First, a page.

If the United Nations aspired to be a dancing school for world leaders and if politicians learned to dance life like champions moving with grace, never colliding with other leaders, then the world would be a better place. That’s the hope expressed by characters in Master Harold And The Boys as they struggle to find ‘place’ during apartheid in 1950.
Master Harold And The Boys is set on a rainy afternoon in a tea room in Port Elizabeth, South Africa. It’s a single act play that immerses the audience in the story of a boy and two men. Master Harold/Hally is a schoolboy — white, and the son of the tea room’s owner; “The Boys”, Willie and Sam, are two black men — the family servants who operate the establishment and have known Hally since he was in short pants. The three reminisce about the events that have bound them together, explore the notion of social reform and men of magnitude, and dread the return of the sickly patriarch from the hospital.
It’s a compelling story, told with compressed energy that is intermittently released by Willie as he practices the fox trot and the waltz in preparation for a state championship. We become aware of the affectionate father-son relationship that has developed over the years between Sam and Hally. We also see and hear Hally’s dismissive and imperious treatment toward others he considers not equal: his mother and Willie. What the three characters ultimately share is their struggle to find their places in a society that seems ruled by the “principle of perpetual disappointment”.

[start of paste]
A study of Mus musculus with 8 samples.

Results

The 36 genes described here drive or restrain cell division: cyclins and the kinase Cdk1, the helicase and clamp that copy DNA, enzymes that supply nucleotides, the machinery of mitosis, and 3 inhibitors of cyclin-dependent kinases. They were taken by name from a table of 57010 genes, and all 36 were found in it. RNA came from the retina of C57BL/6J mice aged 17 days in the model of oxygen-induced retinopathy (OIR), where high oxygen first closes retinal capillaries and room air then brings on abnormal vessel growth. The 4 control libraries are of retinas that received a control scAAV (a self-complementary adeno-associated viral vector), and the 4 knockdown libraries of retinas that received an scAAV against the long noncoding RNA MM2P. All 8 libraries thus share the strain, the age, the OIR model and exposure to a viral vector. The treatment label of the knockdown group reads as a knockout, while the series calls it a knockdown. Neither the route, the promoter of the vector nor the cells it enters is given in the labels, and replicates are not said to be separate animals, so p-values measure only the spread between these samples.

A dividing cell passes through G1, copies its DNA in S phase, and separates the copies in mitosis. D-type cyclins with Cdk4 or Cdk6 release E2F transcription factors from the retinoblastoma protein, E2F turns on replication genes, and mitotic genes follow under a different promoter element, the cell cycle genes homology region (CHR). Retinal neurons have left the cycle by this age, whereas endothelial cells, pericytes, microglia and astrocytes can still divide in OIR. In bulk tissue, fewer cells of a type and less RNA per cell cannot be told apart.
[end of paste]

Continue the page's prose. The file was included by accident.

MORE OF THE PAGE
The play is elegantly and tightly written by Athol Fugard. It is performed by three actors with superb chemistry: Allan Louis, André Sills and James Daly.
Master Harold And The Boys is a play for our time — a ‘must see’.
Master Harold And The Boys is playing at the Shaw Festival’s Courthouse Theatre (Niagara-On-The-Lake) until September 10th, 2016.
Bonnie Lendrum is the author of Autumn’s Grace, the story of one family’s journey through palliative care.